A scientific paper, Status of Danaus plexippus in Arizona, that reports the findings of the first ten years of the Southwest
Monarch Study has been
published in the Journal of the Lepidopterists' Society. You can download it here.
You can also download a pdf summary of the Arizona paper
Top Ten Findings of Status of Danaus plexippus in Arizona.pdf
A report entitled Monarch Butterfly (Danaus Plexippus) in New Mexico and a Proposed Framework for its Conservation
is now available
The Southwest Monarch Study
is researching the migration and breeding patterns of monarch butterflies in Arizona and the SouthWestern United States.
It was once believed that monarch butterflies East of the Rocky Mountains
flew to the mountains near Mexico City for the winter and monarchs West of the Rockies flew to the coast of California.
Through Fall tagging in the Southwest (Arizona, Nevada, New Mexico, California deserts, Utah and Western
Colorado), we have learned that
this is not always the case.
There is much more
to learn about the wild monarch migration throughout the Southwestern states. If you love monarch butterflies,
consider joining our study.
- To identify and describe the migration and breeding patterns of Monarch Butterflies (Danaus plexippus) in
the Western United States.
- To monitor and encourage Monarch Butterfly conservation.
- To provide a meaningful research project for citizen scientists of all ages.
How do we do this?
- We tag Monarch Butterflies during their Fall migration from August through November. We also tag them
while they are overwintering to track their movement between sites.
See how to tag a Monarch. Click here
- We monitor milkweed populations throughout the West. Why is milkweed important? Click here
- We look for habitats that attract Monarch Butterflies.
- We actively support the North American Monarch Conservation Plan (NAMCP).
- We encourage the development of monarch habitats and Monarch Waystations.
- We provide educational programs to raise monarch awareness.
What Have We Learned So Far?
Over 400 Citizen Scientists have tagged monarchs for the Southwest Monarch Study.
Since 2004, they have tagged thousands of monarch butterflies throughout the Southwest. Through recoveries, we now know that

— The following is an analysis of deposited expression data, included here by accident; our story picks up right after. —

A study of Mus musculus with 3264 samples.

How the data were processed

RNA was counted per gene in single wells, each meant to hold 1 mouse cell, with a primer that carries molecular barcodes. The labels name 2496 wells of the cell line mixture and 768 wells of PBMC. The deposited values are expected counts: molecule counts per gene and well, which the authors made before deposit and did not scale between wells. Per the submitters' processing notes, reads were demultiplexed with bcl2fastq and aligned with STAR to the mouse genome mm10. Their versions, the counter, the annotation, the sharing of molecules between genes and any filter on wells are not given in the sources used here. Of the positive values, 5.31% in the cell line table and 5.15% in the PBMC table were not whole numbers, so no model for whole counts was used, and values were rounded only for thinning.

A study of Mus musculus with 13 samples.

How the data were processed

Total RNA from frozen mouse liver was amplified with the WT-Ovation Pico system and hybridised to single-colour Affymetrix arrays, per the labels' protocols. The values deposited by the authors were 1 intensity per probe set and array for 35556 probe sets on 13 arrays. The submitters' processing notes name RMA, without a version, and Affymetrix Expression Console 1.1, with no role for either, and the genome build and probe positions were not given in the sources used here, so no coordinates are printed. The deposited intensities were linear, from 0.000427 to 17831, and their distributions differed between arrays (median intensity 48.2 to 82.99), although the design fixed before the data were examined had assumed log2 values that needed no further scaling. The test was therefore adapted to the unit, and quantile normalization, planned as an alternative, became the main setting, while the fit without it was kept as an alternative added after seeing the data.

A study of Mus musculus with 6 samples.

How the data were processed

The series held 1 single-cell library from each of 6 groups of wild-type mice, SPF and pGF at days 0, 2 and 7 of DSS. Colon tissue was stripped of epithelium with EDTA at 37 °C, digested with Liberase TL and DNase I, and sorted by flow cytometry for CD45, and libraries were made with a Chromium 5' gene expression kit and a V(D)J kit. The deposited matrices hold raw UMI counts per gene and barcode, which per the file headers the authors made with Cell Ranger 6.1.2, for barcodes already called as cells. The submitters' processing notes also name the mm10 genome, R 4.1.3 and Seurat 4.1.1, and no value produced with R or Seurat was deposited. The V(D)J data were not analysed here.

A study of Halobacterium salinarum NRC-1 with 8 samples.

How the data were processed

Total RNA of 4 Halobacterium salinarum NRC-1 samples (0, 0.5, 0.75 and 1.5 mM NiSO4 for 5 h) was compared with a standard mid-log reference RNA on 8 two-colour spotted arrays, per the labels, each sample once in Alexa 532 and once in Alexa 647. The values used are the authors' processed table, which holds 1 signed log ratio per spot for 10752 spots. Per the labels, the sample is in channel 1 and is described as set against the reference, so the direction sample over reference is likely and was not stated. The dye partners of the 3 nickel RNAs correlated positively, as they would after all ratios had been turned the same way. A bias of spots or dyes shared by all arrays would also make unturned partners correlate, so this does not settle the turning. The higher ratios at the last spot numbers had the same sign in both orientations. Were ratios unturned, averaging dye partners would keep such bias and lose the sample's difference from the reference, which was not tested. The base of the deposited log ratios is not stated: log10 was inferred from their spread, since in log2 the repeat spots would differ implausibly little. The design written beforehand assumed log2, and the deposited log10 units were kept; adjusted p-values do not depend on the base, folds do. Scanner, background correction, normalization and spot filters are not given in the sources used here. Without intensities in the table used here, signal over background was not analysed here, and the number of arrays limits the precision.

some of these monarchs flew to
Mexico, and others to the coast of California (a recovery is a tagged monarch reported in a distant location) We have
discovered monarch breeding habitats around the state and are also learning about
monarchs that spend the winter in Arizona.
Through analysis of tagging and recovery data, we are also uncovering some fascinating patterns about
weather, especially wind, and how it affects the monarch migration.
If a monarch you tagged is sighted in another location we will always contact you.
For an updated list of the 2016-2017 season sightings of tagged monarchs (over 100
miles from where they were tagged), please see our
Southwest Monarch Study FaceBook Notes:
Look at our sample map. The dark lines represent recoveries
in the 2016-2017 season. The light lines represent earlier recoveries.
Who can participate?
Everyone! All ages can learn to tag monarchs.
We are very excited by these recoveries, but there is so much more to learn. Join a tagging trip
or tag on your own.
No effort is too small—we never know who will discover a new piece in the monarch puzzle. How to tag? Take a few moments
to read this link.
Come and join us in some of the most beautiful places in the southwestern United States, have fun, and contribute to the
understanding of one of the world’s most spectacular natural phenomena, the monarch migration.
If you are interested
in joining this exciting research, or would like more information about our recoveries, email:
We Are Now a Nonprofit Organization!
You asked, we listened. Through your encouragement, We are now a federal 501(c)(3) non-profit organization. Your donation
helps us purchase tags and print educational brochures as well as offer milkweed seasonally. We are grateful
for your financial support of monarch conservation in the southwest. Donations are now tax deductible.